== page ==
As if the obesity epidemic weren't already a weighty enough issue, it turns out we're not the only ones getting fat and risking our health.fat-cat

Our pets are getting pudgy, too, and they're paying a big price.

Petplan, a pet insurance company based in Philadelphia, says its 2011 claims data show obesity-related illnesses and injuries for cats and dogs are on the rise.

Claims for arthritis more than tripled last year, rising 348 percent from the previous year. Claims for diabetes more than doubled, up 253 percent. Claims for cardiac disease rose 32 percent, while injuries linked to obesity, such as cruciate ligament tears, neared the top of the list of conditions generating the most claims, Petplan said.

All of those conditions can affect any pet, but fat cats and dogs are at higher risk.

What's to blame? The same factors making people fat and boosting human health insurance costs are at work for pets -- too little exercise and too much food.

More than half of the nation's dogs and cats are now overweight, according to a recent study by the Association for Pet Obesity Prevention. Its survey found 55 percent of cats and 53 percent dogs were overweight or obese in 2011.

Dogs and cats haven't caught up to their human counterparts; two-thirds of Americans are overweight or obese.

But the numbers are still grim. Although the overall portion of overweight pets has remained fairly steady in the last few years, more pets are becoming obese -- weighing in at 30 percent or more above normal. Last year, almost 25 percent of cats were classified as obese, compared to 19 percent in 2007. Meanwhile, 21.4 percent of dogs were obese, up from 10 percent in 2007.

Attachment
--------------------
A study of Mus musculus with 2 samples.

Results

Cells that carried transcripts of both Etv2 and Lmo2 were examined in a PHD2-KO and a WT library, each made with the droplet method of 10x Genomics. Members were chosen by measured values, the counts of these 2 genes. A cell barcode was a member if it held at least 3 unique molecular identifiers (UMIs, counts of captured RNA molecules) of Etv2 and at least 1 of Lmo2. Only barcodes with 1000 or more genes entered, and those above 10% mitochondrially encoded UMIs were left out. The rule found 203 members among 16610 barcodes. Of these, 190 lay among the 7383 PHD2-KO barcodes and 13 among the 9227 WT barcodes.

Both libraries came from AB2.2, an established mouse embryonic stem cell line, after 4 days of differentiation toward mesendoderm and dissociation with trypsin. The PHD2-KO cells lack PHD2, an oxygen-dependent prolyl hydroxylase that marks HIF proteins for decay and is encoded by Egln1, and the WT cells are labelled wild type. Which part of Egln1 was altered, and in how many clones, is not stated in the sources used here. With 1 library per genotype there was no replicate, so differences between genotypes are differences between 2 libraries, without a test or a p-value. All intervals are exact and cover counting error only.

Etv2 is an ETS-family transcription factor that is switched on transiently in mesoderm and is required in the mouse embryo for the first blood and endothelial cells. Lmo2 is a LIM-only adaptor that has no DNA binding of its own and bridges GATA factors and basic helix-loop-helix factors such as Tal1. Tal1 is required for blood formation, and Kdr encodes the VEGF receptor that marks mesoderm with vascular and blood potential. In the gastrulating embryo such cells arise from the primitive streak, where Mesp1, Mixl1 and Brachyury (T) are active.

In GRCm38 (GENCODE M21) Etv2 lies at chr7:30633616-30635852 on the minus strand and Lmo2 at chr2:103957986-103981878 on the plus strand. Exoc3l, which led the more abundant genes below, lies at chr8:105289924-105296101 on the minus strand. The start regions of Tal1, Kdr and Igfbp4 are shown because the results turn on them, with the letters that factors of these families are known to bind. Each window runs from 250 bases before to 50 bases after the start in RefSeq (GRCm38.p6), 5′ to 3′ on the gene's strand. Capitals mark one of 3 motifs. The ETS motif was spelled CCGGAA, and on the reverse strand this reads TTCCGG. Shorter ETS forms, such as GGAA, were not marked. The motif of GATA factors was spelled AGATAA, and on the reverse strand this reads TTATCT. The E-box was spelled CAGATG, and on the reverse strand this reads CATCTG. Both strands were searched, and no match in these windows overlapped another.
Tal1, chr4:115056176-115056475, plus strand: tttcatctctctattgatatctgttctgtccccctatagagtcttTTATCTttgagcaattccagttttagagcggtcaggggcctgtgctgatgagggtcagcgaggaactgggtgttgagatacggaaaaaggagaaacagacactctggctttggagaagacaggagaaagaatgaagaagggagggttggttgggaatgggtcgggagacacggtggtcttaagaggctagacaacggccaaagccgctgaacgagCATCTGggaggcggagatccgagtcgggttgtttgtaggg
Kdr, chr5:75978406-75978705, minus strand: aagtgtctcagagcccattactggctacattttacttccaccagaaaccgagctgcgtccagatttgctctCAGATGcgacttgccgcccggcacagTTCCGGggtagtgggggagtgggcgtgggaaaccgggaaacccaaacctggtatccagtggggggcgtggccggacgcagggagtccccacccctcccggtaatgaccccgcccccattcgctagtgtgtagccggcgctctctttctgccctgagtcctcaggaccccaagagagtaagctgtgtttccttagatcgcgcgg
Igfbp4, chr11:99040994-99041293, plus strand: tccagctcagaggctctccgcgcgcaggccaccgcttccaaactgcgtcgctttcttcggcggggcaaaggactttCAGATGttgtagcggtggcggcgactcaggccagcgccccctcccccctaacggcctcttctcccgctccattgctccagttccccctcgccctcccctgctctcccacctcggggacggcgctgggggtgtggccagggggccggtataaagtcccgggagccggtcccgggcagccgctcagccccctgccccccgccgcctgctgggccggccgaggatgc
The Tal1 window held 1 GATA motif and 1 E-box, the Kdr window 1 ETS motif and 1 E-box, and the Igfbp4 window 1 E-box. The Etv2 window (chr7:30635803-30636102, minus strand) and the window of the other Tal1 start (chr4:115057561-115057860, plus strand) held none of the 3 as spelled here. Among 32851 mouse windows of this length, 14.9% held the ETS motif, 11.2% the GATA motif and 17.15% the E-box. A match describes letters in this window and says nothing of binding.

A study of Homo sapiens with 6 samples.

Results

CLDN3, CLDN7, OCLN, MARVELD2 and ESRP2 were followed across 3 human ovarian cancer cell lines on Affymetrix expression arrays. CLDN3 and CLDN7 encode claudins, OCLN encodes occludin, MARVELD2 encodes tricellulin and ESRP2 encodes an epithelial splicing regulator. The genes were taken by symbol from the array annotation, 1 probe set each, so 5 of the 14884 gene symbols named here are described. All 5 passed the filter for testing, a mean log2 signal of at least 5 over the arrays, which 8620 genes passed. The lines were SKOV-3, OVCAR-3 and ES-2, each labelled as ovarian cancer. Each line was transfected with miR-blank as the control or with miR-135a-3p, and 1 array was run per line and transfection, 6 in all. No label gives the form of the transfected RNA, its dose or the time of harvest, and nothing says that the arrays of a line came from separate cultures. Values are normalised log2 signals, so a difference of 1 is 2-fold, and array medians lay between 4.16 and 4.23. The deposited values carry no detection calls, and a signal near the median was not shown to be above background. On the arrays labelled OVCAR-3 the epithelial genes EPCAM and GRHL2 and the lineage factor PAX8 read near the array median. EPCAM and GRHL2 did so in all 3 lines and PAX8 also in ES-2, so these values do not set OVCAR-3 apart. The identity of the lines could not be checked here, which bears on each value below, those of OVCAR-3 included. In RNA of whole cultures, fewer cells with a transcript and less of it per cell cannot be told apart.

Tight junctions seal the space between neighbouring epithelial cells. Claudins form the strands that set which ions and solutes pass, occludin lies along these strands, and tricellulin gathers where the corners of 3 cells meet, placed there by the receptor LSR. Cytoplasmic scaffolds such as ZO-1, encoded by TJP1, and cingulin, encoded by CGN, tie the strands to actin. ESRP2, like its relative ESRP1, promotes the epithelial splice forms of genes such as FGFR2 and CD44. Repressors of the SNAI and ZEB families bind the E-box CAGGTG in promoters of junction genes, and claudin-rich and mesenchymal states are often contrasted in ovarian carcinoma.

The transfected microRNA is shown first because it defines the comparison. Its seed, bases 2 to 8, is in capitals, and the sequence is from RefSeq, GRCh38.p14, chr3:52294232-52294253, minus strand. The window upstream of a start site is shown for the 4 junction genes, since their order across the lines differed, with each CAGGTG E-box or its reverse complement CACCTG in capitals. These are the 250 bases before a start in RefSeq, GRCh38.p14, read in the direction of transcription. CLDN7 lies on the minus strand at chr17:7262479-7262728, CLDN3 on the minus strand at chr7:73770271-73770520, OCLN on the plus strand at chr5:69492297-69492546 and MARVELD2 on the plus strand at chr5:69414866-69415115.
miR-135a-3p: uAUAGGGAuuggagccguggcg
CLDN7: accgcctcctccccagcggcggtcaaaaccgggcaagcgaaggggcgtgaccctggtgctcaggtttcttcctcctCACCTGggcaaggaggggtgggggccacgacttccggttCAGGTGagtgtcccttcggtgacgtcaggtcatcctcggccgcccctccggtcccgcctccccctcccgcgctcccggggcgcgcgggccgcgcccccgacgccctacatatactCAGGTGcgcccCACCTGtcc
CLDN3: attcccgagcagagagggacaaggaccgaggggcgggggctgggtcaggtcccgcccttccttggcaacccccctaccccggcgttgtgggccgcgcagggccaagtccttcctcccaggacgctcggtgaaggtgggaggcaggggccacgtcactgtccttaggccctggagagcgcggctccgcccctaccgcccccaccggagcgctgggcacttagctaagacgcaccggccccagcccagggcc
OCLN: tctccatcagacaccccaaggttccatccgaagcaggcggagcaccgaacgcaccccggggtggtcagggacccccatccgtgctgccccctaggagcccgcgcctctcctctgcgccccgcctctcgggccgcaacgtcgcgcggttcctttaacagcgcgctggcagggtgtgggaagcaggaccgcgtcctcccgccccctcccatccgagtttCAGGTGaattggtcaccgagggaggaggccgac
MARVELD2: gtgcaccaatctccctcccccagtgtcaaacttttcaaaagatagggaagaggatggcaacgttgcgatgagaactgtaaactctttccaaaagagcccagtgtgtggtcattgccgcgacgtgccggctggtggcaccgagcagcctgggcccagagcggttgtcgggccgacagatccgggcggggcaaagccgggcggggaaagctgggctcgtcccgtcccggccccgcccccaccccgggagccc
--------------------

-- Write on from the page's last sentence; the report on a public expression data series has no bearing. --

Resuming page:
What's more, many pet owners remain in denial -- 22 percent of dog owners and 15 percent of cat owners said their pets were normal weight, when the dogs and cats were actually overweight or obese, the study found.

Veterinary bills for obesity-related illnesses can weigh heavily on the family budget. The average cost for veterinary care for diabetes in 2011 was more than $900 per incident, with some insurance claims ballooning to $5,700, according to Petplan. Cruciate tears averaged $2,000, but some claims totaled more than $6,000. Arthritis claims averaged $2,000 per incident, with the highest per-policy cost at $9,600.

The best medicine for overweight pets is careful feeding and regular exercise.

Petplan offers the following tips:

· Cut out table scraps and dump fatty treats for low-calorie whole foods, such as baby carrots and string beans.

· Consider switching to twice-daily feedings instead of letting pets graze throughout the day.

· Think portion control. Ask your vet how much you should feed your pet.

· For sedentary pets, start with easy, short walks and build up exercise gradually to avoid injuries.

Although the pet obesity problem is serious, there's no reason you can't have fun. Take your dog to the dog park, play fetch or teach your pet some tricks. Who knows? Maybe you'll shed a few pounds in the process, too.